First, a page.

All managers, inside and outside of banking, will attest that they are interested in customers’ opinions about their businesses. That is so basic a concept that it sounds almost silly to question it.

Yet, judging by many of the customer satisfaction surveys I’ve encountered recently, the accuracy and relevance of the feedback is not the primary concern of many businesses. Being given high marks in reviews is their true concern.

That may sound like the same thing. The reality is that it frequently is not.

Sure, conscientious employees and managers want the “perfect scores” on their surveys to be truly reflective of the customer experience. Furthermore, employees’ performance reviews and compensation are increasingly tied to those scores.


On the surface, the logic and reasoning for this strategy are sound.

We want to reward employees for providing the high levels of service we strive for and hang our hats on in marketing. Our customers are obviously the people who will tell us whether that is happening.

That’s how it’s supposed to work, anyway.

Yet, most of us have had the experience of employees coaching us about a survey we will be receiving from their companies. The number of employees I have encountered over the past year who openly lobby customers about survey reviews is striking and a little problematic.

During a recent car-buying process, I was coached repeatedly by both my salesperson and the “customer experience ambassador” of the importance of giving them perfect scores on the survey.

One went so far as to tell me that they would prefer I not take the survey than give them anything less than perfect scores. Apparently, their incentives were tied to the survey results.

My salesperson explained that an uncompleted survey costs them nothing. However, anything but a 10-out-of-10 score on any part of a completed survey takes money out of their pockets.

While I was mostly happy with my experience, I could think of several things that were not “perfect.” In fact, attempting to guilt me into committing to give perfect scores on a survey I hadn’t seen yet in and of itself diminished my “satisfaction.”

I declined the follow-up survey and wondered if management had an inkling of why a person who just spent a sizable amount of money on a purchase would not participate. I also wondered if they cared.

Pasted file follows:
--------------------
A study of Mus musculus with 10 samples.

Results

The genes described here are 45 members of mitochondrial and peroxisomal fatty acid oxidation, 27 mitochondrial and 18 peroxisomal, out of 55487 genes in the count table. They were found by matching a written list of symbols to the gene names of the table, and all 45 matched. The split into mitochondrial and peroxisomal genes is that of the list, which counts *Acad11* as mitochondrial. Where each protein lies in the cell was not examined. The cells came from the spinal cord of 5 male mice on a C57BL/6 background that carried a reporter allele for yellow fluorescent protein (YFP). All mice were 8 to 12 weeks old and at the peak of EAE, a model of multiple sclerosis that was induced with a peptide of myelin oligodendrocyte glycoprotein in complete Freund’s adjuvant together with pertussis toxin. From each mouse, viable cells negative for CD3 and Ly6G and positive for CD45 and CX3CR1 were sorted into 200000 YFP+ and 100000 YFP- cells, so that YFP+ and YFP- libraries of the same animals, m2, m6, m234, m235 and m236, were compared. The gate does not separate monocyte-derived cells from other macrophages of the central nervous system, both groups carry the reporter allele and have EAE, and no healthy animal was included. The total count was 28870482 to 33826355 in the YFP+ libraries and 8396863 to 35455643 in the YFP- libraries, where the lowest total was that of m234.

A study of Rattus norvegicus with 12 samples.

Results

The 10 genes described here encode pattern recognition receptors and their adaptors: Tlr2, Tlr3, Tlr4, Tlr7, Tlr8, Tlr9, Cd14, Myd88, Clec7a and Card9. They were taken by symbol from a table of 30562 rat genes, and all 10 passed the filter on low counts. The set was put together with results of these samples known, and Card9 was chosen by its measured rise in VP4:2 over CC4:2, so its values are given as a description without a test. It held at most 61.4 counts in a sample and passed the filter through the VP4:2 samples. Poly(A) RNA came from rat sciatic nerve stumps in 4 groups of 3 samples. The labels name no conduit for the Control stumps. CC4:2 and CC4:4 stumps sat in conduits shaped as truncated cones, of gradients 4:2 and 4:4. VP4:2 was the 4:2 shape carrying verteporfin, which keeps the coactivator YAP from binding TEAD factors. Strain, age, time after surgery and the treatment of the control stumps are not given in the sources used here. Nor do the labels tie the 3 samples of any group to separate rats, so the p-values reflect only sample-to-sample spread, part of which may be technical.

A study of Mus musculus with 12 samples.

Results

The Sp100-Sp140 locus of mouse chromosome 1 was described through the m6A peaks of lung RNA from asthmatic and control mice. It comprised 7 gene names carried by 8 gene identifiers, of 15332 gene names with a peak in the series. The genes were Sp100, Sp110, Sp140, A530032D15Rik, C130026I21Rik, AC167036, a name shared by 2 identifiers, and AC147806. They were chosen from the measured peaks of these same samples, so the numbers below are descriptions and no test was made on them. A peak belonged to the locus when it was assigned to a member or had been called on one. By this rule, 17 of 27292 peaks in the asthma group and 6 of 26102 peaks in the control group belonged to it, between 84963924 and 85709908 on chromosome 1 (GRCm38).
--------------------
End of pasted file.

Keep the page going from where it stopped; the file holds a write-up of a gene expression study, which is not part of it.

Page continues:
Granted, that is a pretty over-the-top example. However, the lobby manager at my hotel during a recent trip asked if I would answer an email I was to receive and give her team perfect scores. It would make them eligible for some contest the company was running geared at getting the most perfect score reviews.

My stay and the service were fine, actually. I could think of a couple of things that were not “perfect,” but overall it was fine. However, anything but a perfect score wouldn’t count for their contest.

Rather than desiring truly legitimate feedback, they wanted high scores. As long as we have evidence that customers say we’re great, we’re all good, right?

Few industries over the past two years have been as maligned as banking — sometimes fairly, often not. Few, as well, have so recommitted to raising customer satisfaction scores as has banking.

In our quest to solidify and improve customer satisfaction, we should not set up systems that have our teams more focused on manipulating scores than actually earning them.

I’m not suggesting that employees’ natural tendencies are to game a system. However, when we set up expectations that nothing but perfect or near perfect scores will be tolerated, we need to do as much as possible to ensure that we are actually learning where our weaknesses lie.

I’ve often shared stories with managers about a large organization I previously worked for in which the annual employee performance reviews became a time-consuming joke. Like the children of Lake Wobegon, we were all apparently above average.

My theory was that that performance review system failed because managers did not want direct reports receiving “needs improvement” scores. That could be seen as a reflection of that manager’s performance. If your employees had areas needing improvement, maybe you did as well, and we couldn’t have that!

Of course, it may be impractical to precisely measure the quality of every customer service interaction. But an honest assessment will do more to truly improve customer satisfaction (and subsequent surveys) than lobbying customers for survey scores.

Dave Martin

Dave Martin

Dave Martin is the founder of the retail bank performance company bankmechanics.